Health

Opposition to changing organ donor scheme

Donor card system is popular with the public

The majority of the public is opposed to an opt-out system of organ donation, according to a government survey.

The research showed that only 28% of people were in favour of an opt-out system under which those people who did not want their organs to be used after death would have to register their objection.

In contrast, 50% of those surveyed were in favour of the current opt-in system of organ donor cards and computerised organ donor registers.

Amongst those that have a donor card, or who are already on the register, 47% were in favour of the current system and 41% in favour of opt-out.

Almost 70% were willing to donate their organs under the current system with 14% against.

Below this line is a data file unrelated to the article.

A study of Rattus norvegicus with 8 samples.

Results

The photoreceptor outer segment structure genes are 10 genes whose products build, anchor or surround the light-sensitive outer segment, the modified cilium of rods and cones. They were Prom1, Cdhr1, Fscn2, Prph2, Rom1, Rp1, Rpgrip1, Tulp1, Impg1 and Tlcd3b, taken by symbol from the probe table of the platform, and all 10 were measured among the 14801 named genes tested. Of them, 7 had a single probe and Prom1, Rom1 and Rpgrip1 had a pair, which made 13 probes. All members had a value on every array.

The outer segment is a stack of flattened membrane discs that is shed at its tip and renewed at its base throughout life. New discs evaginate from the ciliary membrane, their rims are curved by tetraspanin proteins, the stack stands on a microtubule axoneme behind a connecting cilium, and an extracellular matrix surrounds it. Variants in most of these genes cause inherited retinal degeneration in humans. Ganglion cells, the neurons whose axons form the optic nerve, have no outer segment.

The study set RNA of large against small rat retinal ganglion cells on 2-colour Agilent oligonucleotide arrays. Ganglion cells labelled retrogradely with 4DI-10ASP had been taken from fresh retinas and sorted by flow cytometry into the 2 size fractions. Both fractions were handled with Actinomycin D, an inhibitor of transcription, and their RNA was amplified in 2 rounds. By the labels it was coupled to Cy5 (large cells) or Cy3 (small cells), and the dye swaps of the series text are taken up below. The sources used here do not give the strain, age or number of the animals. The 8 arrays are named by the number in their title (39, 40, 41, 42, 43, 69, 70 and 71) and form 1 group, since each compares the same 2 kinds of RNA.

And 50% were in favour of donating their organs under an opt-out system, with 32% against.

Doctors to debate the issue


[ image: Dr Wilks: BMA will re-consider its position]
Dr Wilks: BMA will re-consider its position
Dr Michael Wilks, chairman of the British Medical Association's medical ethics committee said the issue of organ donation would be debated at the annual conference in Belfast next week.

He said: "Current BMA policy is to support the opt-in donor card system.

"Our medical ethics committee believes there is a case for changing to a system of presumed consent but it will be for the conference to decide.

"This snapshot of public opinion is a useful addition to the debate because clearly, if any change in the current system is proposed, it would need very full public debate and the development of a consensus for change.

"There is a severe shortage of organs for transplant and it is vital that public support for organ donation remains high, whatever system is used."